What is a Triggering Event?
A triggering event is a tangible or intangible barrier or occurrence which, once breached or met, causes another event to occur. Triggering events include job loss, retirement, or death and are typical for many types of contracts. These triggers help to prevent, or ensure, that in the case of a catastrophic change, the terms of an original contract may also change.
Life insurance policies may include a triggering event based on the insured age. Also, many employers require employees to reach a qualifying period of employment as a triggering event for eligibility to specific company benefits. In the investment sphere, stops are a triggering event which the investor may initiate to limit their downside risk.
Triggering Events in Insurance
Insurance companies will include triggers, called coverage triggers, in the policies they underwrite. In the case of property or casualty coverage, it will specify the type of event which must take place for liability protection to apply. Insurers use triggering event to limit their risk exposure.
- Some typical triggering events include:
- Attainment of retirement age, as defined under the plan
- Termination of employment
- A participant becomes disabled, as described under the plan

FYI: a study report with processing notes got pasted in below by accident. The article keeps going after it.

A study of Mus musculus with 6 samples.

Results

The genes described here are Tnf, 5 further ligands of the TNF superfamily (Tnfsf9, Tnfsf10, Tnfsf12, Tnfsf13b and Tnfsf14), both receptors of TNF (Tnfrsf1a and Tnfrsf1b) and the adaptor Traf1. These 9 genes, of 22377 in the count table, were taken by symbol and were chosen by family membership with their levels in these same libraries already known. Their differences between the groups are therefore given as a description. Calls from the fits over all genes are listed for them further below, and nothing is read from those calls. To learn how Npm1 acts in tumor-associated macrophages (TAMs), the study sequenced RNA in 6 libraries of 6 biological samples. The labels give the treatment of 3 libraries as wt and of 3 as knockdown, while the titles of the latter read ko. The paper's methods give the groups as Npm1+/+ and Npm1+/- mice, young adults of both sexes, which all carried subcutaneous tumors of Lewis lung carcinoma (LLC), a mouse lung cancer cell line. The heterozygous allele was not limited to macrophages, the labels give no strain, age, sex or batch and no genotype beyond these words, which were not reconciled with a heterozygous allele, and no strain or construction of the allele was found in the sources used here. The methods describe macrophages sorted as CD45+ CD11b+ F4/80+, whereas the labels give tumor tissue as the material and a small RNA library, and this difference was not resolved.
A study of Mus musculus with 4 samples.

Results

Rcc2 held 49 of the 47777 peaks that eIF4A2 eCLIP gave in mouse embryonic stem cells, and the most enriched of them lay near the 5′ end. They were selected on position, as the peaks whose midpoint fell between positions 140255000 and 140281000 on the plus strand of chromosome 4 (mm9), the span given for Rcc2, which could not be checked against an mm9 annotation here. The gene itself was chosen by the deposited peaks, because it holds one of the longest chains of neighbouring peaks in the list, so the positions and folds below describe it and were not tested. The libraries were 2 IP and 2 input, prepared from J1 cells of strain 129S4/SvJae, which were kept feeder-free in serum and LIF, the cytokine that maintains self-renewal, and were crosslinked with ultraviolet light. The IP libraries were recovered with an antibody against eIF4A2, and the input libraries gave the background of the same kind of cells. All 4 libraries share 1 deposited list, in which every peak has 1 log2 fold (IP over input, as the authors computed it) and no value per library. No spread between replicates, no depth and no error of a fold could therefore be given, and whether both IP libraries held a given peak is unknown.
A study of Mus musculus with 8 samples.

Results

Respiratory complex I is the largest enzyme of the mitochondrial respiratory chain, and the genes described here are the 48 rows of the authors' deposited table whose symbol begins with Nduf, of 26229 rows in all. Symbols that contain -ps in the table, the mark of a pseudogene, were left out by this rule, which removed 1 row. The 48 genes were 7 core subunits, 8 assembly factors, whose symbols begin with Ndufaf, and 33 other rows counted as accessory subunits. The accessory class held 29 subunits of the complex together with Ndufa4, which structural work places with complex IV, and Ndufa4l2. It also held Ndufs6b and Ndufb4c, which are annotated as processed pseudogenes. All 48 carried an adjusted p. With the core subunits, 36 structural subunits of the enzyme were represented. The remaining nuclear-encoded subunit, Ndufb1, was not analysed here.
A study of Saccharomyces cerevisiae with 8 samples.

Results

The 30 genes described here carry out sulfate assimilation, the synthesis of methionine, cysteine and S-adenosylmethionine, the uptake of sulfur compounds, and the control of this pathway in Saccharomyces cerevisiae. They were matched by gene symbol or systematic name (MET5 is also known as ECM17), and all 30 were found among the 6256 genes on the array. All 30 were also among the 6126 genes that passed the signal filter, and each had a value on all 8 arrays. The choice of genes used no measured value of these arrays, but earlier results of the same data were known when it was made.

- The death of the participant
In some universal life insurance policies, in-service withdrawals may are allowed from the cash portion of the policy within the contract. These withdrawals allow for tax and penalty free distributions before an age-based triggering event.
Workers Compensation is another insurance which requires a triggering event to happen before it is effective. As an example, if an individual has an accident while at work, that event would "trigger" disability payouts from insurance.
Real World Example
It is common for banks to issue debt at a given interest rate on specific terms. For example, when writing a loan, one of a bank's requirements could be that the borrowing party does not incur any additional debt for the duration of the loan. If the borrower should incur more debt, the contract's triggering event, or clause, will kick in. The bank may then take necessary actions to protect themselves which may include foreclosure of property secured through the loan or increasing the original rate of interest charged.